PresbyopiaReading Vision Problems
What is presbyopia?
Presbyopia or reading vision problems is a condition that affects everyone as they get older. It is caused by changes in the crystalline lens, which is located inside the eye. When we are young we have a crystalline lens that is very flexible and the muscles within the eye can manipulate it so that it changes its shape, and therefore its power, so we can focus over a range of distances. This is a reflex and is done automatically without thought or effort. It is called accommodation. As we age, the lens becomes a stiffer, more rigid structure and it becomes harder for the muscles to get the lens to increase in thickness to become more powerful. As such, focusing up close becomes more problematic.
The decrease in accommodating capability starts very early on in life but presbyopia symptoms are not noticed until patients can no longer read without holding items further away. Presbyopia symptoms include:
- needing to hold reading material further away in order to be able to read
- eye strain or headaches when reading over long periods of time.
Patients often first notice the deterioration in the winter months when lighting is worse. There is no cure for presbyopia, and no way of slowing its progression. Without intervention it results in blurred near vision.
Causes of presbyopia
Presbyopia is caused through changes in the crystalline lens that occur over time. It is a different condition to hypermetropia or long sightedness, which it is often confused with. Long sightedness is a refractive error that when corrected will allow clear vision at all distances, whilst presbyopia is a “near vision” only eye condition and any correction given will result in clear near vision but will blur the distance vision.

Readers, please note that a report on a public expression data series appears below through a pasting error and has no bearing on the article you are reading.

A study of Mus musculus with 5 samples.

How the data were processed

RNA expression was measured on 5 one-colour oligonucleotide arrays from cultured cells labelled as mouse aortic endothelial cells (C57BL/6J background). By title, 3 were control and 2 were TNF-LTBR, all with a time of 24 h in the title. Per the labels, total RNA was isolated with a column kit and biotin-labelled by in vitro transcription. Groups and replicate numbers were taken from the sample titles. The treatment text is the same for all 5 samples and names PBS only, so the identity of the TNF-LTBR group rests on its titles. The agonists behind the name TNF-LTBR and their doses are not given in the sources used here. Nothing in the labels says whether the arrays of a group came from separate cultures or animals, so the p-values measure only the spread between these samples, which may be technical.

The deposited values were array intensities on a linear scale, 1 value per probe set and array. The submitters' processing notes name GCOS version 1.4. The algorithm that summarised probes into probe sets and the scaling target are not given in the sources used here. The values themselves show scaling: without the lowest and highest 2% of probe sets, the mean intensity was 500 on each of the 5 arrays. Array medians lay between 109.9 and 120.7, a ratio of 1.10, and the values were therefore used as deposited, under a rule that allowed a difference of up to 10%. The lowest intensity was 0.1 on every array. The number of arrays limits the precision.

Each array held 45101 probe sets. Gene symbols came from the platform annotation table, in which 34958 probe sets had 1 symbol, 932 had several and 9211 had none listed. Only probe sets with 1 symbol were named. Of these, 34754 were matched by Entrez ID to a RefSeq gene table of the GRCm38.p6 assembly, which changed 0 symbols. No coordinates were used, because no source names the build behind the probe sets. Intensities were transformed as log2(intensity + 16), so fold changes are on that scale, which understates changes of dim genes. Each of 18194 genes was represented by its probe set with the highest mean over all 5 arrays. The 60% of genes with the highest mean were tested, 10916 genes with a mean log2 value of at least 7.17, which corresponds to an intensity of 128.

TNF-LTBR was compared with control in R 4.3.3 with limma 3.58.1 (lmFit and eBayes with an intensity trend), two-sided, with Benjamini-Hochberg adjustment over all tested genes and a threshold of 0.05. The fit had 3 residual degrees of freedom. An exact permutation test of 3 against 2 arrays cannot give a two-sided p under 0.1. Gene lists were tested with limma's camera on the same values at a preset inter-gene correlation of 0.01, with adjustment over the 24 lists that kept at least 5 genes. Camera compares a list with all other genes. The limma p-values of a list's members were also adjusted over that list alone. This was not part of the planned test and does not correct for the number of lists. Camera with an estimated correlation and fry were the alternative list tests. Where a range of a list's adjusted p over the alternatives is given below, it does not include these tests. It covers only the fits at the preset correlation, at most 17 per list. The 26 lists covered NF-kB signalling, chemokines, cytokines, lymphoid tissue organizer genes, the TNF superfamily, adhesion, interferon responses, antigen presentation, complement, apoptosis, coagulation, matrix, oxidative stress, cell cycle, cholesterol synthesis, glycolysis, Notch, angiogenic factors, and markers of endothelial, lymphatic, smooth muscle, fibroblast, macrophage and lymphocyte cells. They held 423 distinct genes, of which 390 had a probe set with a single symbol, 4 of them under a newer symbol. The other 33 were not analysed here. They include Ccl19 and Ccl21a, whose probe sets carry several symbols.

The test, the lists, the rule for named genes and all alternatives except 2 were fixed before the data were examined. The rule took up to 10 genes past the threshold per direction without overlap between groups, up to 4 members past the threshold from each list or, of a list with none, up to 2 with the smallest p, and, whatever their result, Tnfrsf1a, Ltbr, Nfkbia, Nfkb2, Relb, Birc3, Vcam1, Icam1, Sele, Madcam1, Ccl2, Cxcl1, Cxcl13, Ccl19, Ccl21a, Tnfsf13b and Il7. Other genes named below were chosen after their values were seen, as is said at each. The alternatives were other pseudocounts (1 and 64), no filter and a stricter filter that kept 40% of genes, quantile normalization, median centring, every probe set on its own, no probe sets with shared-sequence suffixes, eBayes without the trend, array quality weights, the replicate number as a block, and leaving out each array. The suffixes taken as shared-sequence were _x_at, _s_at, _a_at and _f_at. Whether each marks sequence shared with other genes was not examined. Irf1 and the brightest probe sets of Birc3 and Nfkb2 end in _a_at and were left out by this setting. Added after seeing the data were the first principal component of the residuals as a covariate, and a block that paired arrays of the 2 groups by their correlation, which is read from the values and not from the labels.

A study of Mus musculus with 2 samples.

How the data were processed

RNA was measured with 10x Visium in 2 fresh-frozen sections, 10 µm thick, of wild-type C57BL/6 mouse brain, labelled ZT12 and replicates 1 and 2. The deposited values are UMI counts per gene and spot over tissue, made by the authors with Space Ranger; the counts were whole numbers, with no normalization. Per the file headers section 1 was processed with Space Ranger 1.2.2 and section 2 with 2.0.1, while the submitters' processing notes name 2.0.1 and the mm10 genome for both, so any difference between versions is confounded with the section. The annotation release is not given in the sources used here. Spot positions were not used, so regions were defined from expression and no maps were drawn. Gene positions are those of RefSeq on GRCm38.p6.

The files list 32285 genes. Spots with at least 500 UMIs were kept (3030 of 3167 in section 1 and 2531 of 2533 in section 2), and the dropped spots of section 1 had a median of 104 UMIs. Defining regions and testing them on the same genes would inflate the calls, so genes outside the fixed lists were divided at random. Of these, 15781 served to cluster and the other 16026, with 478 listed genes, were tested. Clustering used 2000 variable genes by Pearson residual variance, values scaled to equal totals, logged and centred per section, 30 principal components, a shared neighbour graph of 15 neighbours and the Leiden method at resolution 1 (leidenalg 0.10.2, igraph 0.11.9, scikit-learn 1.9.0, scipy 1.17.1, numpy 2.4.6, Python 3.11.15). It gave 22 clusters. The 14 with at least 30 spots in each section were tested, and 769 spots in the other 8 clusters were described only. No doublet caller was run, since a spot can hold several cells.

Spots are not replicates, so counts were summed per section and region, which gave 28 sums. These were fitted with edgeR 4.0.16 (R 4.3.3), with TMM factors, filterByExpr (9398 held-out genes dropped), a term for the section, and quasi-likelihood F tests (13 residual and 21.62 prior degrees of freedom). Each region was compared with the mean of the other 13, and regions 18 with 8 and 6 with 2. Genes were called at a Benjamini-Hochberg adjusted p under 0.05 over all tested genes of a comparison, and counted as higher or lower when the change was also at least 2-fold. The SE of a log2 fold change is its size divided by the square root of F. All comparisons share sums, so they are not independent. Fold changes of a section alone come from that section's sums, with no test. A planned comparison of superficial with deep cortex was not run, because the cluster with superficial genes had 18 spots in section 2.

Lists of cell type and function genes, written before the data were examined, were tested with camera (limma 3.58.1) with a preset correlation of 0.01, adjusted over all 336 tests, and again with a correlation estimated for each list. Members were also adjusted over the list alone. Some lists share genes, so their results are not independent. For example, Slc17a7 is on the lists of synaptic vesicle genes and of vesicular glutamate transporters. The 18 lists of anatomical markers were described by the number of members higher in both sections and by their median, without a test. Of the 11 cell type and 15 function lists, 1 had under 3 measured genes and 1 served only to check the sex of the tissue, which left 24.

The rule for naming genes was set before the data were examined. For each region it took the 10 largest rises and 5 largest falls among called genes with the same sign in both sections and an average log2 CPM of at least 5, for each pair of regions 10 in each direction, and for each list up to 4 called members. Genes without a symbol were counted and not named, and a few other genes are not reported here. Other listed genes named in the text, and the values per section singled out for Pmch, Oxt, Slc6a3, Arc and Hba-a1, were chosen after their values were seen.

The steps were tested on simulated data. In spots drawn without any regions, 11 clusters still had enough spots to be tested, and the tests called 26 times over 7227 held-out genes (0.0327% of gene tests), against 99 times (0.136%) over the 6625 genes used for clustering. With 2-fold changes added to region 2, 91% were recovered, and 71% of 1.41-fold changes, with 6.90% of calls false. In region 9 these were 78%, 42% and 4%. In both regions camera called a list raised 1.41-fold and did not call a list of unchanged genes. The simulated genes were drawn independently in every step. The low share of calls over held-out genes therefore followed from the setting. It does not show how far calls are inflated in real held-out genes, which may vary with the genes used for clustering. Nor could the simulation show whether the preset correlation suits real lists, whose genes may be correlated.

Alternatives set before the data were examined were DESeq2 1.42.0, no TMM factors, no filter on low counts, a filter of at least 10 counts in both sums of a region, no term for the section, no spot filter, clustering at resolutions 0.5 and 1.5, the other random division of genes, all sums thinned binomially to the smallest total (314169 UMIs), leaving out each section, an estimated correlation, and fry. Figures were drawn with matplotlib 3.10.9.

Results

Presbyopia treatment options
Traditional correction: Reading glasses can be prescribed to help patients read clearly, but with them on, distance vision will be blurred. Patients with presbyopia can also be prescribed glasses that have either 2 (bifocal) powers (one for distance and one for near), or multiple powers (varifocals) to allow a more blended vision.
- Laser eye surgery: Monovision or laser blended vision: This presbyopia treatment is when the dominant eye is surgically corrected to focus at distance and the non-dominant eye is corrected to focus close up. The brain can adapt to zone into the eye with the clear vision dependent upon the task being done. This is a successful procedure for many patients and contact lens trials can be carried out first to ensure you are suited to this type of treatment option.
- Conductive Keratoplasty. This is a non-invasive surgical procedure that uses radio wave energy to alter the shape of the cornea in order to treat presbyopia.
- Clear Lens Extraction. This involves inserting an intra-ocular lens, similar to cataract surgery.
It is important to discuss the surgical options with your eye surgeon, who will explain which presbyopia treatment option may be best for you. This will depend on a number of factors including the severity of your presbyopia and any other eye conditions you may have.
To discuss possible treatments for presbyopia, call us on 020 3369 2020 to book an appointment.